Our wardrobes aren’t the only things that change when the weather turns chilly. Our bodies are often affected not only by the outdoor changes, but inside changes as well.
The body part that receives most of the brunt from winter weather is our eyes.
Between the winter winds and the dry heat radiating inside, our eyes can suddenly feel irritated and scratchy this time of the year.
In fact, exposure to these atmospheres can cause moisture to evaporate inside our eyes. As a result, our tear glands cannot adequately produce the fluid needed to maintain the eyes’ protective, liquid coating. The result is itchy, dry eyes that can cause pain, blurred vision, a burning sensation or even watery vision as our eyes try to compensate for the dryness. While it is difficult to avoid dry eyes altogether during the winter months, there are several steps that you can take to ensure your eyes stay soothed this season.
During the winter months, a home’s humidity level can easily dip. Offset this dry air by using a humidifier in your home. An alternative is leaving off the exhaust in your bathroom while you shower. Also, refrain from using a ceiling fan while sleeping at night, as drafts can also exacerbate symptoms.
Even mild dehydration can negatively affect how dry your eyes feel, as cold temperatures can dampen the body’s thirst mechanism and artificial heat hastens tear evaporation. Keep eyes hydrated by sipping water throughout the day. Also, increase your intake of fluid-rich foods like soup, fruits, and veggies. Adding a cup of hot tea or water with lemon can not only keep you cosy on a chilly day, but ensure proper hydration as well.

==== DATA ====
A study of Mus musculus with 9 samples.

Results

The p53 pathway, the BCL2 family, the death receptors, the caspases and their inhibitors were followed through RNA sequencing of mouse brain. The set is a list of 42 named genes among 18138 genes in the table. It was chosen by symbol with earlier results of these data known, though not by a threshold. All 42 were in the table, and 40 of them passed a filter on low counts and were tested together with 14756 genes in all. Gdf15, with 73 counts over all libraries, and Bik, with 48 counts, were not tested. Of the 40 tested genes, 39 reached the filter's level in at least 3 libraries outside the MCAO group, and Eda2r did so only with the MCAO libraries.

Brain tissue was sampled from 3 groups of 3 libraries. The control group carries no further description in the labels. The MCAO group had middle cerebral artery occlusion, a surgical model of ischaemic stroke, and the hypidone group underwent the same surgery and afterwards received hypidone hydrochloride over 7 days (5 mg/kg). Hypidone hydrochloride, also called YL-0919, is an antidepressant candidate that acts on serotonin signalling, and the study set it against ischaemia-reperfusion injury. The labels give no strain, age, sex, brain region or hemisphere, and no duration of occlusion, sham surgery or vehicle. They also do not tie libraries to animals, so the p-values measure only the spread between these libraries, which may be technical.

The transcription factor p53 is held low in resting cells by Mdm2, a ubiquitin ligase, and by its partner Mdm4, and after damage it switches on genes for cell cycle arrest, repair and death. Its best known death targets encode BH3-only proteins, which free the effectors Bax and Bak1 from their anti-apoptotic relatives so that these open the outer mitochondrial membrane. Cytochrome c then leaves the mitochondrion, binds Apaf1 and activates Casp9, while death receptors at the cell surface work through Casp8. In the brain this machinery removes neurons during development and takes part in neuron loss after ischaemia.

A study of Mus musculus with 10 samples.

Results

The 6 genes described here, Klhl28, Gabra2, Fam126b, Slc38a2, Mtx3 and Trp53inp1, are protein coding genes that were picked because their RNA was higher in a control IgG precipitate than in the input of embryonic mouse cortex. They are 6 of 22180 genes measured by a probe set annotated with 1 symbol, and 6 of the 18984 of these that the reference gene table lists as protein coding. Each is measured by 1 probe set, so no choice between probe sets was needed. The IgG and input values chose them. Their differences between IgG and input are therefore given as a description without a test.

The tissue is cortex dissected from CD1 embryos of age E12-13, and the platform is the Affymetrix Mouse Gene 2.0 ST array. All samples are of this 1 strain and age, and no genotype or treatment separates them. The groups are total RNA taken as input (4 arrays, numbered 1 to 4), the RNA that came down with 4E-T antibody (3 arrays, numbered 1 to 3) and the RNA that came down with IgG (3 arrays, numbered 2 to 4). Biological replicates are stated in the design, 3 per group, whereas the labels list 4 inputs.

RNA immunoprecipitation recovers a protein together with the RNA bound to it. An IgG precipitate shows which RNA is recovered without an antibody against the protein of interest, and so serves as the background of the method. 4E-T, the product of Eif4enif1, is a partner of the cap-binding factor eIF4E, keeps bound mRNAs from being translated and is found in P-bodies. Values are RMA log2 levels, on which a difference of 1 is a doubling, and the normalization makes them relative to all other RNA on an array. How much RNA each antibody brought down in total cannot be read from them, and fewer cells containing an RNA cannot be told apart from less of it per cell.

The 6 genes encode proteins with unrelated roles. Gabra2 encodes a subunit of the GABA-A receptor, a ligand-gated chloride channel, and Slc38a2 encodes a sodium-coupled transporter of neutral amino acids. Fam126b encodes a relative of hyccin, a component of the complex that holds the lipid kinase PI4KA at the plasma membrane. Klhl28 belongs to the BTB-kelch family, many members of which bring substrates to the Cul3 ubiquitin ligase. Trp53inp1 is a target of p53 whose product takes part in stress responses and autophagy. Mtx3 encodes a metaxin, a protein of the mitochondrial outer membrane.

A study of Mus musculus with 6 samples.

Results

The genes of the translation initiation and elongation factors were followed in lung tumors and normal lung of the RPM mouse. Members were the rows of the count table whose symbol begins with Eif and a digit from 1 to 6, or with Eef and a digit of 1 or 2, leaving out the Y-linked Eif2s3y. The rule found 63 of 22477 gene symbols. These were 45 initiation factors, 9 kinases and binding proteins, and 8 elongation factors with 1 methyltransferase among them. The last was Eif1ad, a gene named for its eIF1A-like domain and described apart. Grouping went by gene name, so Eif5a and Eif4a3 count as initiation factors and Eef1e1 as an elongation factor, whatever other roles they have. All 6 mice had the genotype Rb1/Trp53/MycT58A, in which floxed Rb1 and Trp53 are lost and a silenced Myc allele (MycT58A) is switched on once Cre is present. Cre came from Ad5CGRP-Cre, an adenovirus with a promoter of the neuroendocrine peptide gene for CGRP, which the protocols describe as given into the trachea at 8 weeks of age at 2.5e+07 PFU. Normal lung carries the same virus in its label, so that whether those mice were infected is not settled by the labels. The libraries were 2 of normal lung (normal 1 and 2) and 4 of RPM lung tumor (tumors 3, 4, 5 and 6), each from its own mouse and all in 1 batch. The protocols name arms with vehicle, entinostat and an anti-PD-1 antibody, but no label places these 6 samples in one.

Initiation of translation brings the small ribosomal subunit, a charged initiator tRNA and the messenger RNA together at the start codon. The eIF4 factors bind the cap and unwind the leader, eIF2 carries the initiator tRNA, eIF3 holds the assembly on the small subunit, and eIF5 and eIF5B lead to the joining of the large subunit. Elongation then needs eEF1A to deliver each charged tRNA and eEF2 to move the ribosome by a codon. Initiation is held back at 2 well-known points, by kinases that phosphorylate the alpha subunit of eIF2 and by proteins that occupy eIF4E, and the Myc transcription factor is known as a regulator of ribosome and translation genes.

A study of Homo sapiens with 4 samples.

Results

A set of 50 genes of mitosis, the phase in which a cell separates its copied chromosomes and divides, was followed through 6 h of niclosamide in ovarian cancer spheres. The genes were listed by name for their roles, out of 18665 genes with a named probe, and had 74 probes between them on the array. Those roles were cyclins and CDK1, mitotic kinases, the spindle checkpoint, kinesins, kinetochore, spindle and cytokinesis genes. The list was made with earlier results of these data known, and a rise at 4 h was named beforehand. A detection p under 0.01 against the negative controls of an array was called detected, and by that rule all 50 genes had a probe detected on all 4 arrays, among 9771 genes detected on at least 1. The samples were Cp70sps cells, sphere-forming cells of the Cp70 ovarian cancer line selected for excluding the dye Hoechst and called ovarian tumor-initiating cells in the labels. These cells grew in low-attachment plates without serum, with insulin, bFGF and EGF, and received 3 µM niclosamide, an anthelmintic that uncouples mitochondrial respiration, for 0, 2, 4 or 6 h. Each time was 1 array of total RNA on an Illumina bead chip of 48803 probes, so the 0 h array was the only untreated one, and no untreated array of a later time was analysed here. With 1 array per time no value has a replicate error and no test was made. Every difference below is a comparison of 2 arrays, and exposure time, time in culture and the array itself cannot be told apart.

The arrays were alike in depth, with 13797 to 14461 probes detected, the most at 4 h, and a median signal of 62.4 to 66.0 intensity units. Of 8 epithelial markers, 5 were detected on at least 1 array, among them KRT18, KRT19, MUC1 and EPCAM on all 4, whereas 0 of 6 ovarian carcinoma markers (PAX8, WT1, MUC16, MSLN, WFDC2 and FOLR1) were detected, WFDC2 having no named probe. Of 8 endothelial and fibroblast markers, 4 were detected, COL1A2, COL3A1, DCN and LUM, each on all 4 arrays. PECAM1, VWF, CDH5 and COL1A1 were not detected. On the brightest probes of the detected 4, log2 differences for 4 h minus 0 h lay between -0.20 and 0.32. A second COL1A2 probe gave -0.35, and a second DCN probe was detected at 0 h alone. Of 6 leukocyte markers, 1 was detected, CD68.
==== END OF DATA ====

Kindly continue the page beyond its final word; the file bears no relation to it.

Many clinical studies show omega-3 fatty acids, which are considered essential fatty acids, may protect adult eyes from dry eye syndrome.
Omega-3s support healthy tear production and keep eyes moisturised. In addition to omega-3s, other ingredients like Vitamin A, D3, green tea and evening primrose oil can significantly accelerate the time it takes to feel relief.
In cold conditions, many complain their eyes water more than normal. Typically the symptoms of watery eye are excessive tearing, which is made worse by being outdoors. Wearing spectacles will provide protection against the wind, even if you don’t usually wear them outdoors.
In some cases, excessive watering of the eyes may be a sign of a blockage of tear ducts or infection of the eye.
If you are concerned about the health of your eyes — whether tear production is suboptimal or you suffer from watery eyes, visit your optometrist.
Your eye care professional will be able to advise you on the best course of action.